Vitamin B has many components, so I have broken them down into numerous pages. To read about...
...check out their respective pages.
This page contains information on B6, B12, and pantothenic acid, which are the remaining B vitamins of importance to the horse.
Unfortunately, very little information is known regarding the dietary requirements of these three B vitamins. It appears that all three of them are synthesized in the digestive tract of the horse.
B6 is a part of most of the enzymes that aid in the metabolism of fats, carbohydrates, and proteins. As such, it is a very important B vitamin.
However, B6 is found in high quantities in most of the feeds that the typical horse eats. As a result, there has never been a reported deficiency in horses.
There has also never been a reported toxicity in horses.
Not surprisingly, no one has established a dietary intake level for horses either.
B12 is involved in carbohydrate and fat metabolism, as well as protein synthesis. It is also involved in a number of enzyme systems that transfer methyl groups and synthesize purines and pyrimidines (components of DNA and RNA).
B12 is not available in plant matter, but instead, it is synthesized by the microorganisms in the horse's digestive tract. Synthesis of B12 is one of the reasons that the cecum is so important to horses. This process by the microorganisms requires cobalt, one of the trace minerals.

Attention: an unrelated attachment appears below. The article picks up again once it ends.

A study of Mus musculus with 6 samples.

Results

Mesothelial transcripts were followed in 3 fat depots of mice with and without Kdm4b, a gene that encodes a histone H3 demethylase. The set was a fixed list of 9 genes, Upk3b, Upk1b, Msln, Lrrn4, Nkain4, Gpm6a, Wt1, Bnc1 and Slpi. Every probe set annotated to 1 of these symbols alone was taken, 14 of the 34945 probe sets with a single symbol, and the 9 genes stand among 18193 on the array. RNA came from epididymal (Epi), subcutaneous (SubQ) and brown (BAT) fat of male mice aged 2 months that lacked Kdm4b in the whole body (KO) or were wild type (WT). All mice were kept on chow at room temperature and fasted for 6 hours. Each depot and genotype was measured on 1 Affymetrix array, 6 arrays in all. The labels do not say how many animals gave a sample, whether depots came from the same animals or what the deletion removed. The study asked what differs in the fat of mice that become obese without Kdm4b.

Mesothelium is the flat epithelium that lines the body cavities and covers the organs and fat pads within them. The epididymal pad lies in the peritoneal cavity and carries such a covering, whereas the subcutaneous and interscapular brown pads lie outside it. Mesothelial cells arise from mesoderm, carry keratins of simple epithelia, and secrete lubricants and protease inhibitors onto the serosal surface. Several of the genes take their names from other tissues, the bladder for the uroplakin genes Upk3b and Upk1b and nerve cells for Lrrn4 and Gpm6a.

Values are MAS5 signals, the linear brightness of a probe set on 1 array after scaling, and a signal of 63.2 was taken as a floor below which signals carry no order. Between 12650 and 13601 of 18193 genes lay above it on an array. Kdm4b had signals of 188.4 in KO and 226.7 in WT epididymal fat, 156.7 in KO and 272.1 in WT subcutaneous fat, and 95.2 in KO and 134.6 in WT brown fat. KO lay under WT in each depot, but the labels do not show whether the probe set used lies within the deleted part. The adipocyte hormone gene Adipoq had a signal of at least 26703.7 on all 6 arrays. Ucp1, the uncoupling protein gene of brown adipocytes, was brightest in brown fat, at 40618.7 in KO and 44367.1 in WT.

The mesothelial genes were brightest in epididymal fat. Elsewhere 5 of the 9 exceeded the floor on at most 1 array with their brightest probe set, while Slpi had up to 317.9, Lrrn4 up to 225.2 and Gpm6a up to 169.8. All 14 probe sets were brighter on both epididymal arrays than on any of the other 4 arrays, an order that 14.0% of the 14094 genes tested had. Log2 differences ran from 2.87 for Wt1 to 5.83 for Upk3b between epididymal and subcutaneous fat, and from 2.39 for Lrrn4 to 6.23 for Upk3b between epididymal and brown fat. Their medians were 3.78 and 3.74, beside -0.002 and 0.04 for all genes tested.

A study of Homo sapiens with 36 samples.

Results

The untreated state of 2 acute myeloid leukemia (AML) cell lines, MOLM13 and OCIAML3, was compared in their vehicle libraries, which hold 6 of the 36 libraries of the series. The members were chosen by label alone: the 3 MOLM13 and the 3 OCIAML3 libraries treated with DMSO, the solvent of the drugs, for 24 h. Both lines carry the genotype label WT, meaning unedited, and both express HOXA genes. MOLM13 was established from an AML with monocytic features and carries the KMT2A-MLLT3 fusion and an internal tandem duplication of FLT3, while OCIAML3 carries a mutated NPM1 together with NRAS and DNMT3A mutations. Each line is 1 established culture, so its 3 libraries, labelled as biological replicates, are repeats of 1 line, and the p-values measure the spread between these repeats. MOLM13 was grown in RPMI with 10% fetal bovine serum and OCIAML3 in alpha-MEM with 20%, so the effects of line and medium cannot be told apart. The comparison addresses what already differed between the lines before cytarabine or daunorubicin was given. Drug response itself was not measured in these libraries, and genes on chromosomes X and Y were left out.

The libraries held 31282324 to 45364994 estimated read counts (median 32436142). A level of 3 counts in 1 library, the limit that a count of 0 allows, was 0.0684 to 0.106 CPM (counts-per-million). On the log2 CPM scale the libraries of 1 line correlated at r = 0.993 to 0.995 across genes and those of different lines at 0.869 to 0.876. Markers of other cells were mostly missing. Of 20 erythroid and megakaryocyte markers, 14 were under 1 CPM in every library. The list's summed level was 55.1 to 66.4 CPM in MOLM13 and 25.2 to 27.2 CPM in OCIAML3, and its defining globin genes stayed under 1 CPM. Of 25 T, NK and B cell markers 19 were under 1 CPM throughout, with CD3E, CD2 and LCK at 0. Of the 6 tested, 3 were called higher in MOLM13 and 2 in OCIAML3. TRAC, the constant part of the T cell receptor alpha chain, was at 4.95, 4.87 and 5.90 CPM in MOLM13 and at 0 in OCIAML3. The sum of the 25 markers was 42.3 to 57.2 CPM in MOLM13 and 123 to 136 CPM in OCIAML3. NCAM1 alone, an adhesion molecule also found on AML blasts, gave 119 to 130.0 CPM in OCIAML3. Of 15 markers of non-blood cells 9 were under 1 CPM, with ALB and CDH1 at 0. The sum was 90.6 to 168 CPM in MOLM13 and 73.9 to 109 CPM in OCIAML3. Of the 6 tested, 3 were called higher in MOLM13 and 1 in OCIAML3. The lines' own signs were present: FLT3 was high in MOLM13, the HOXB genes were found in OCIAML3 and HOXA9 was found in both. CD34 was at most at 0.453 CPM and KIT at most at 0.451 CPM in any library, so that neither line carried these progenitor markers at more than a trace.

Thankfully for horse owners like you and me, neither B12 deficiency or toxicity has ever been reported in horses. It appears that the horse is able to synthesize all the B12 he needs, so there is also no dietary requirement listed for B12.
Pantothenic acid is found numerous places in the body. It is part of co-enzyme A, which is a very important complex that is a crucial part in metabolic pathways involving:
So pretty much anything your horse's body does is going to involve pantothenic acid to some degree.
Creating new blood cells? Yes, its involved.
Walking across the pasture to you? Yes.
Digesting that hay he just ate? You guessed it...its involved.
Since is such an important molecule, it is reassuring to know that pantothenic acid is found in significant quantities in most parts of your horse's diet.
Even more reassuring is that despite no set dietary requirement for horses, no deficiency or toxicity has ever been reported in horses, even in growing ponies.
Because of their importance throughout your horse's body, it is reassuring to know that B6, B12, and pantothenic acid are all easily accessible to your horse through his diet or synthesis in his body.
I hope this look at these components of vitamin B have helped you more fully understand their function.